Platform Payments

Platforms Dance To The Gen Z Tune

young adults with cell phones

By the end of 2020 four in 10 shoppers worldwide will belong to Gen Z, the consumer group born more or less between 1996 and 2010. A bit younger than their millennial siblings and cousins, they’ve grown up totally mobile, and have idiosyncrasies that make them unique.

Perhaps more than millennial cohorts, Gen Z is having a hot love affair with eCommerce and sharing platforms that specialize in and cater to their digital lifestyles. As reported in the latest Payments And The Platform Economy Playbook, a PYMNTS and Yapstone collaboration, platforms and exchanges are customizing offerings for this group more now. Generally more adventurous and less cautious than their slightly older peers, Gen Z is making big players from eBay to Uber to online travel agencies (OTAs) rethink services and fees for their cresting wave.

Flexibility and Choice

Of all the economic sectors being reimagined by and for Gen Z consumers, travel and tourism is likely seeing the most activity. Airbnb may grab more mainstream headlines, but travel platform Splitty, profiled in the new Payments And The Platform Economy Playbook, does sharing one better, with personalization. Splitty gives travelers finer controls over what hotel and airline amenities they do and don’t want to utilize, affecting price. It’s also better for suppliers, offering superior inventory/sales command of parking, fitness facilities, and F&B. The platform’s artificial intelligence (AI) creates dynamically generates offers based on searches, optimizing conversions.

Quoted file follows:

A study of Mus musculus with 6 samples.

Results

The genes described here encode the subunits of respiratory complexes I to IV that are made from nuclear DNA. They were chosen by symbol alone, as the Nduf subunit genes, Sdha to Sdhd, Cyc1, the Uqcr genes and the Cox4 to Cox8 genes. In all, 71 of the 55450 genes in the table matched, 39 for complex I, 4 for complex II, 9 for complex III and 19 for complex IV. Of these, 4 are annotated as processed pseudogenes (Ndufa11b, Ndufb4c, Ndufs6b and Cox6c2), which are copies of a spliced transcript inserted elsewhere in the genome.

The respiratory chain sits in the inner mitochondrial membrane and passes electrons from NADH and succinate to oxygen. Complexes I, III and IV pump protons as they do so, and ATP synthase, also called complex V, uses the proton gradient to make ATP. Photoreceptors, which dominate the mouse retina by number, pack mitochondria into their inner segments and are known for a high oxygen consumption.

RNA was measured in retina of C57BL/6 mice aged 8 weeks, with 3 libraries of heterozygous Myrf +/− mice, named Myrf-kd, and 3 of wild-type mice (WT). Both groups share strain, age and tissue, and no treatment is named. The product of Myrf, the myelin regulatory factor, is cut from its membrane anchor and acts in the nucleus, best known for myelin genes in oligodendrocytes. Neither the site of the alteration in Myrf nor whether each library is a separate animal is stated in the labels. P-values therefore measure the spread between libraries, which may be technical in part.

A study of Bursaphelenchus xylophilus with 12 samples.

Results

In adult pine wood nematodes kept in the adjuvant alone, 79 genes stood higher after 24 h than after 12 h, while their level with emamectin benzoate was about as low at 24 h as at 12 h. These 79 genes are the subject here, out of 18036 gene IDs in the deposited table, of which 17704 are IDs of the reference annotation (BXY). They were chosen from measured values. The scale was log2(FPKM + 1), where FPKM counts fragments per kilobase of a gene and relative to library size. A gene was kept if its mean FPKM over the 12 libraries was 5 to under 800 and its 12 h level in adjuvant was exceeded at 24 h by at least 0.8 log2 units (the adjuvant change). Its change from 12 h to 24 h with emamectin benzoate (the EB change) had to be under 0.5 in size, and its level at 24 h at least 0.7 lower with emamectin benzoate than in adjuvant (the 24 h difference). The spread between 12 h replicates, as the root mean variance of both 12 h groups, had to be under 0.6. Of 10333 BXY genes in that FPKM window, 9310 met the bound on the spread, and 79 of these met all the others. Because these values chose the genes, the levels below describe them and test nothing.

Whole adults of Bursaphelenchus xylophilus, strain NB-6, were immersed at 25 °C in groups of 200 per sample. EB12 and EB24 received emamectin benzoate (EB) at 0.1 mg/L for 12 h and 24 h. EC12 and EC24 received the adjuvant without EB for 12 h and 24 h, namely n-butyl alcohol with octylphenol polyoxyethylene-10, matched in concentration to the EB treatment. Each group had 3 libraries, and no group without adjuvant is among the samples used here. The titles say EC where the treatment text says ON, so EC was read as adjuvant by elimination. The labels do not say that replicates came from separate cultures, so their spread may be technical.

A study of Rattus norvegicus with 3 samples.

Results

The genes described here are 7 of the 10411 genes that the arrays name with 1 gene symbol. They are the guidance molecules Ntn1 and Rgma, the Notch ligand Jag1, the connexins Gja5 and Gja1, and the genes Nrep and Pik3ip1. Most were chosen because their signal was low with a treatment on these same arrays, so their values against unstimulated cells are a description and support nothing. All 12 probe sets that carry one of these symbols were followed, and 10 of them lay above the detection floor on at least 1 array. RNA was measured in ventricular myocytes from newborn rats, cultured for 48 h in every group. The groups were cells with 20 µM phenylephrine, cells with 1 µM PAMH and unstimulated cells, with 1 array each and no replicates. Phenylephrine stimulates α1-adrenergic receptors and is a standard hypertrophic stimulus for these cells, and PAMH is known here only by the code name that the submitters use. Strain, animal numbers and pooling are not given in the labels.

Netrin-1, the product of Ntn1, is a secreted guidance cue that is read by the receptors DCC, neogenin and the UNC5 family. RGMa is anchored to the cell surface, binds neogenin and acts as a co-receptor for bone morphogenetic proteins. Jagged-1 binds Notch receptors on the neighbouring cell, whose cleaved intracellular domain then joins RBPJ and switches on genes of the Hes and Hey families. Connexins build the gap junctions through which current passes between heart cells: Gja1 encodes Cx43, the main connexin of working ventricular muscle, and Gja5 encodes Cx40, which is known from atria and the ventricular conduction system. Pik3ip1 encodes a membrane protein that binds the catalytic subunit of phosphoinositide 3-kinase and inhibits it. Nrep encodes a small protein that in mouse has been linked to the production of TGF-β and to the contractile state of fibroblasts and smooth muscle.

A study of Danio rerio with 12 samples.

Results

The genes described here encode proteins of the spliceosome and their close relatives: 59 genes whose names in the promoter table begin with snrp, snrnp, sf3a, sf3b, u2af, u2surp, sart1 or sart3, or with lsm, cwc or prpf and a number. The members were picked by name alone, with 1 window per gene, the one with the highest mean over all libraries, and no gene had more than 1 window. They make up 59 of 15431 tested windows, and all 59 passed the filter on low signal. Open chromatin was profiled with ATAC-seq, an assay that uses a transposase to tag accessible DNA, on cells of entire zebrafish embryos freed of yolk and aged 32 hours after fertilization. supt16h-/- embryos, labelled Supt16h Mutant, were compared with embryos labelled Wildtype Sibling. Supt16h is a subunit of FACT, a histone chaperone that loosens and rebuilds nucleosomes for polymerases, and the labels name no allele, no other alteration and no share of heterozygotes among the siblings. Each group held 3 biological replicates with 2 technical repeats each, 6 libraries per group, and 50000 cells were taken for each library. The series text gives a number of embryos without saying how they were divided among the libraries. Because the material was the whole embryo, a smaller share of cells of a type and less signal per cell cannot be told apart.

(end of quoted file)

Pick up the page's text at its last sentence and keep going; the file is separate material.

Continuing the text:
Like many of the platforms and exchanges geared to Gen Z consumers, Splitty’s twin cornerstones are flexibility and choice. Well-delivered, these can turn browsers into bookers. The platform has also supercharged the authentication process and opened up to a number of alternative payment methods. This has a two-pronged effect of making the site more visible and accessible, while reducing vetting and onboarding hassles and, along with them, fraud.

“I think enabling the big payment providers — like major credit cards and PayPal and other kinds of payment options … gives us the trust that these payment processes [have], and [these providers] can help us determine if [bookings are] legitimate customers,” Splitty Co-Founder and CEO Eran Shust told PYMNTS. “If not, we have certain procedures that can take care of that.”

The latest playbook is packed with similar examples, from eBay cutting seller fees on designer sneakers to the launch of the Uber Works platform for gig economy workers.

Know Your Customer’s Preferences

Along with Gen Z-centric innovations in platforms and exchanges come the usual problems of friction and fraud. According to previous PYMNTS research only about a quarter of sharing economy platforms require strong identity verifications online. Email is the most common means (71.5 percent of respondents), but these forms of authentication are increasingly seen as unreliable. Platform operators are upgrading furiously to get past the credentials barrier.

Supporting multiple payment types and attendant security features requires the most robust platforms and API environments. Assuming integrations go well, the last frontier (and really the first consideration in these matters) is the consumer, in this case, the Gen Z consumer.